I rode 100 miles on the indoor trainer yesterday. It was not fun.
One of the downsides of my job is that I’m on call 24/7. Yeah, that’s even during my vacations. While never truly being “off” is not always ideal, it’s a tradeoff I willingly make: I enjoy some flexibility with my schedule, and I get to work from home.
Anyway, during my recent two week vacation I had to do a few hours of work nearly every day and, as such, I amassed some comp time. My vacation ended this past Sunday, and it took me a couple of days to get caught up. Yesterday was looking clear for a comp day, so on Tuesday evening I decided that Wednesday morning I was going to ride an Imperial Century (100 miles), solo.
I wanted to start no later than 8:00 AM. Unfortunately yesterday morning the entire area was blanketed in thick fog and, as my self-imposed start time approached, the fog situation was not improving. Rush hour traffic combined with heavy fog makes for dangerous cycling conditions, and I was reluctant to head out.
While I was trying to decide if I wanted to ride in the fog, I looked over at my bike, which was mounted to my Kurt Kinetic fluid trainer. Sigh. I instantly knew what I was going to do: a 100 mile ride on the stationary trainer.
“Oh well”, I thought, “I need to make sure everything is functioning correctly for my upcoming Home Gym Page update. What better way to do than than spend the better part of an entire day riding in the damn thing?”
So I filled my water bottles, fired up Zwift, loaded Netflix on my tablet and was off…
While I was on vacation I did a 100 kilometer (62 mile) ride on Zwift, and I did that ride at a Zone 2 pace (206 watts NP). That ride was 3h13m long–more than double the length of any other previous indoor trainer ride I’d done before. It was not an enjoyable ride.
Zwift is pretty neat, but (at least right now while it’s in Beta), it’s a closed little ~3 mile island circuit. If you’re just doing an hour or so, riding hard, doing intervals, chasing KOM/sprint/lap jerseys and racing other cyclists then it’s a lot of fun. If you’re out to ride steady-state for a long time, well, it’s just as boring and tedious as any other long indoor trainer ride.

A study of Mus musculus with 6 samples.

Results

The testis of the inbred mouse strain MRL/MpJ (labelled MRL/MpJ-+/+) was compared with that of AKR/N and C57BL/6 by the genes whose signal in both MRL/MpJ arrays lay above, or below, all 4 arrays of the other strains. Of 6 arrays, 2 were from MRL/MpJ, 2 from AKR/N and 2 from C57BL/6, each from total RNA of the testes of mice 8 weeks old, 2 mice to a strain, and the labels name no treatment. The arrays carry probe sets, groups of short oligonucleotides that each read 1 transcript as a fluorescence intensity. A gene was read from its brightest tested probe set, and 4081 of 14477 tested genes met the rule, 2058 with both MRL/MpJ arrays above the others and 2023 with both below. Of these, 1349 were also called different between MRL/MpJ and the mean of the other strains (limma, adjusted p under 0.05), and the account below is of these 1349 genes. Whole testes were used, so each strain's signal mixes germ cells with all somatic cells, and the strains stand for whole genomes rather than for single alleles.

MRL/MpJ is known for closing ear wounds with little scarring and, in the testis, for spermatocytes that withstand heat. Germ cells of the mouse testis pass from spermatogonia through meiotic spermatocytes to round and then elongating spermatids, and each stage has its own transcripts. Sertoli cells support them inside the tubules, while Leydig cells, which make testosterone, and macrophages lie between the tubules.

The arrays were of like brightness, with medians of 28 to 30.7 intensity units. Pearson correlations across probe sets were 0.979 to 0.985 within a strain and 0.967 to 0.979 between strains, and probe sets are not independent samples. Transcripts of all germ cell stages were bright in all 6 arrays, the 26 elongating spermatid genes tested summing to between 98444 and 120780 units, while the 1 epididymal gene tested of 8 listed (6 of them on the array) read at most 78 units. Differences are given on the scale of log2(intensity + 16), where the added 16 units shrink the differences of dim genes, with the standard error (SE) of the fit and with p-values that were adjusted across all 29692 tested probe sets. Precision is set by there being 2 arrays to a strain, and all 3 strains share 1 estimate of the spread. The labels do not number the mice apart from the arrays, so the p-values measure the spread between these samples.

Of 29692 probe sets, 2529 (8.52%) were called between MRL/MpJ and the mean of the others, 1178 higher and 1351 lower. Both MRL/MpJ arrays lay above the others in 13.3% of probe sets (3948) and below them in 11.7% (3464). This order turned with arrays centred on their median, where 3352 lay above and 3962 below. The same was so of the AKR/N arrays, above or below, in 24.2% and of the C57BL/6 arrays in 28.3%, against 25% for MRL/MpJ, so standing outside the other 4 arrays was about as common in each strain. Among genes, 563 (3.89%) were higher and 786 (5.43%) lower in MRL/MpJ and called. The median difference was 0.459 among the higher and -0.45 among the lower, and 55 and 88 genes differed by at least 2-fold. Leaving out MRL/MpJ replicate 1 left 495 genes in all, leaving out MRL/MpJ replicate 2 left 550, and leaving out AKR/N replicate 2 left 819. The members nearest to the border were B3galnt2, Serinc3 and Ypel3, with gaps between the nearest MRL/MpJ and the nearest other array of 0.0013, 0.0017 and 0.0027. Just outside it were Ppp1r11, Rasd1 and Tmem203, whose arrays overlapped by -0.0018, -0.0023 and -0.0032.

I decided that for this 100 mile ride I would maintain a fairly easy pace, around 165 watts or so. At that pace I knew I’d be on the trainer in excess of 5.5 hours. That’s just a crazy amount of time to spend on the stationary trainer.
Netflix definitely helped with the boredom, and I also had my laptop, smartphone and MP3 player to mix things up a bit. Still, as minutes slowly turned into hours and the drops of sweat under my bike grew into pools, the fact that I was sitting in my gym pedaling nowhere became impossible to ignore.
To help keep things interesting and more “real” (and give my aching ass a break), I’d often upshift and get out of the saddle. I’d also sometimes alter my usual cadence and focus on pedaling mechanics. Basically anything to help keep my mind occupied as I ground out the miles.
Unfortunately I had the Zwift version of a mechanical, and started to experience some ANT+ dropouts. At one point my heart rate was not being received. That was a little annoying, but far from a ride-killer.
A little later something much more serious happened: Zwift was reporting that my ANT+ dongle could not been seen. Without an ANT+ dongle, Zwift has no way of knowing if I’m pedaling. I was about 4 hours into the ride at that point, and was not happy that I might have to abandon (although part of me would have been relieved, I must admit).
I have the ANT+ dongle on the floor (using a USB extension cable) just under my bottom bracket, and that’s because it needs to be that close to my Stages power meter in order to not experience power dropouts. I think the dongle got wet in my sweat. Thankfully I have a second ANT+ dongle, and I was able to install it and pair it to all my devices without leaving the in-progress ride. Whew!
The last 20 miles sucked especially hard. I really wanted to just get off the bike and go do something–anything–else. Of course there was no way I was going to quit, and so I pedaled on…
Finally, after more than 5.5 hours on the stationary trainer, I crossed the 100 mile mark. Zwift dutifully announced that I’d completed 100 miles, and awarded me the coveted (?) black Imperial Century jersey, which I put on for good measure:
I remarked on Strava after the ride: “I would definitely not recommend this to anyone. Unenjoyable, to put it mildly. I rode this at a recovery pace, and it still felt harder than some of my 23+ MPH average centuries in real life. Boredom, I guess.”
Zwift is cool, and I do like it, but it’s not going to transform your indoor rides into the great outdoors. I do think there’s a lot of untapped potential, and I’m very excited about the future development of this great concept.
You may be wondering if I would willingly spend this kind of time on the trainer again? Well, I “never say never”, but hell no! 🙂 Seriously, I guess if there was a virtual 100 mile group ride and the Zwift universe was expanded so that it was not repetitive I might, but as things sit right now I’m definitely done with the long endurance indoor trainer rides.